On December 13 the National Labor Relations Board announced amendments to a controversial 2014 election rule issued under the Obama era NLRB. The amended rule will be published on December 18, and is scheduled to go into effect 120 days later, on April 16, 2020.
The union friendly 2014 rule, widely described as providing for “quickie” elections, drastically reduced the number of days between a union’s filing of a petition for election and the election itself. The short window between petition and election reduced the employer’s opportunity to mount an informational campaign opposing the election, as well as limited employers’ rights to contest the scope of the bargaining unit and eligibility of voters until after the election had actually occurred.
The new rule, while not rolling back all the 2014 changes, is nonetheless an improvement for employers. Some of the significant changes include:
- Pre-election Hearing: Moved from eight calendar days from service of election papers on the employer to 14 business days. The new rule also allows the employer to file briefs following the hearing.
- Position Statements: Employers now have seven calendar days from service of the petition; this was moved to eight business days. Unions are now required to respond to the employer’s position statement by noon the day before the scheduled hearing.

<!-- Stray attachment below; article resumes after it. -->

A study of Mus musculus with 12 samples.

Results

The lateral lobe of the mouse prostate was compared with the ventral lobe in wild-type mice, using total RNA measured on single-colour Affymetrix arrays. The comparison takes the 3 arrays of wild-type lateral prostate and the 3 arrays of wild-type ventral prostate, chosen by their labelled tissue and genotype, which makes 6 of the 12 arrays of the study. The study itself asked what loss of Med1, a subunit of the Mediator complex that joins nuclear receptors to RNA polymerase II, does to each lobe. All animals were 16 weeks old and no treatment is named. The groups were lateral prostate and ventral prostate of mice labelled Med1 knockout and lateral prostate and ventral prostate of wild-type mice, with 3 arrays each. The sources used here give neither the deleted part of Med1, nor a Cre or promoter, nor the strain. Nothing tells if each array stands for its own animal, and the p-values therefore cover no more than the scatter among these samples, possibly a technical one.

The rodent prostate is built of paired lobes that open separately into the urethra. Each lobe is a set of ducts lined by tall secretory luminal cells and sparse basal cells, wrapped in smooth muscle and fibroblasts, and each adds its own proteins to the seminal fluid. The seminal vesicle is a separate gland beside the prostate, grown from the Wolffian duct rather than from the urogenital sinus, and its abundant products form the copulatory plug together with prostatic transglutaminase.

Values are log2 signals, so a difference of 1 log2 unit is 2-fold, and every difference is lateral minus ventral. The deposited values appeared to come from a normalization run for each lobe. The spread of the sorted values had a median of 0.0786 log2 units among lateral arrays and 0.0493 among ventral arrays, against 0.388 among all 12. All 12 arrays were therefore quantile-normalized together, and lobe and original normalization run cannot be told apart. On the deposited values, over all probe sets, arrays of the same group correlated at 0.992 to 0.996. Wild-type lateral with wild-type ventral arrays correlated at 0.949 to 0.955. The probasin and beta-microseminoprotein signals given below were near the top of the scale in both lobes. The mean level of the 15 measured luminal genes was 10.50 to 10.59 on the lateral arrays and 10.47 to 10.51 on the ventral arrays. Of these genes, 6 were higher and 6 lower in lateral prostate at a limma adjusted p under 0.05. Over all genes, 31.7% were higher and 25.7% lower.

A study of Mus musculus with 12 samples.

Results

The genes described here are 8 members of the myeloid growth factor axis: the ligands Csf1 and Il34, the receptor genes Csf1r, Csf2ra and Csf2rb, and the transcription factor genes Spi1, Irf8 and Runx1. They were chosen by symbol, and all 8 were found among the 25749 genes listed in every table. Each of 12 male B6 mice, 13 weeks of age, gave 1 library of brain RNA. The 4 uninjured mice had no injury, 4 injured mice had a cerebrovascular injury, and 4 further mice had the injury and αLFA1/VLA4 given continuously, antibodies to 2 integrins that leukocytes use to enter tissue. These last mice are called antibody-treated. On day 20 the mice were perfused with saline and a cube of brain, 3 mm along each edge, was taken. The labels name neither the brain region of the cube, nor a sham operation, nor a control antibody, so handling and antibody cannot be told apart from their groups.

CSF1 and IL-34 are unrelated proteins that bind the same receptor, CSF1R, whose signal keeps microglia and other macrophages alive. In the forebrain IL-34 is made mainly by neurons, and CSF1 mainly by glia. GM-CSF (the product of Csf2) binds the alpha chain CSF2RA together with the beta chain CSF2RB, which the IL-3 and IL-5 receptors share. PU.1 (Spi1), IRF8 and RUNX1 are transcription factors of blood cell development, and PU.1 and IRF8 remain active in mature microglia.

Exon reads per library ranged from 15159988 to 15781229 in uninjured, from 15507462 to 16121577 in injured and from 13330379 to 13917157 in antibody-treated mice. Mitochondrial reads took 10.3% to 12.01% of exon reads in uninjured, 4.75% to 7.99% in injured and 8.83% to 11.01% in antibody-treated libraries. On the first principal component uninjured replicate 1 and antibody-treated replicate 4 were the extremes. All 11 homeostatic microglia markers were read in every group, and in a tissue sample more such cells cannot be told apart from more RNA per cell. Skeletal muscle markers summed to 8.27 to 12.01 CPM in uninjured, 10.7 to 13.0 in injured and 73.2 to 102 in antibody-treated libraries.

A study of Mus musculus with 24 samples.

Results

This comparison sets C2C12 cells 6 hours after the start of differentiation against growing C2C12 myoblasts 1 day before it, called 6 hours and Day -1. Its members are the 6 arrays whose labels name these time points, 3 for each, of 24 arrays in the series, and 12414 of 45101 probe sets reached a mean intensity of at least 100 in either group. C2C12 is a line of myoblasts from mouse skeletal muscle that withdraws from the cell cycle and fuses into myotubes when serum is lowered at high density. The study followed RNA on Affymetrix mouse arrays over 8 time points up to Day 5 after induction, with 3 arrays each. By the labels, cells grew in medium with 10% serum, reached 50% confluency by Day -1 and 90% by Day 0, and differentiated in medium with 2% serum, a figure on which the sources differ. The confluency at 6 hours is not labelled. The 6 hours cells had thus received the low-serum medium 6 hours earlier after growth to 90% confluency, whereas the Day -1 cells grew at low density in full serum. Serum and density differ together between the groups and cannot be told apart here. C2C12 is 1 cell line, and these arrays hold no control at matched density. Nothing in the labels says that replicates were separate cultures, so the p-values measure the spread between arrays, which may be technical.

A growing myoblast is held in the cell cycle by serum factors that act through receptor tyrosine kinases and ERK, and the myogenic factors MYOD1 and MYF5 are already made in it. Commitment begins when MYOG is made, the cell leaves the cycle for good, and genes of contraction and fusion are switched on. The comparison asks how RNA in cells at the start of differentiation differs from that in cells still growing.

- Unit Scope and Voter Eligibility Determine Before the Election: Issues such as who should be in the bargaining unit, and who is eligible to vote in the election are decided before the election is scheduled, rather than after the fact.
- Elimination of the “Quickie” election: An election under the 2014 rules could occur as soon as 12 calendar days after the petition was received. The new rule changes that to 20 business days.
It is not clear the new rules will drastically alter the election landscape that generally favors unions. Even before the “quickie” elections were put into place in 2014, unions won a majority of the elections held-65% on average from 2012-14. After the “quickie” election rule, the win percentage for unions increased by 10%-from 2015-17 unions won an average of 71% of elections.
There is little doubt that increasing the number of days before the election helps the employer, primarily by allowing more time to provide information to employees who may be uniformed or on the fence about voting in favor of the union. But, it is important to remember that resisting union organizing efforts starts long before a representation petition is filed. By the time the union files the petition, it has already worked with your employees for months to persuade them to the union cause, and likely has convinced more than half the employees who will participate in the election to sign a union authorization card. There are likely one or two issues, such as pay, benefits, or working conditions, that are galvanizing union support. If the employees don’t hear from the employer about these issues until the representation petition is filed it may already be too late, regardless of how much time passes before the election occurs.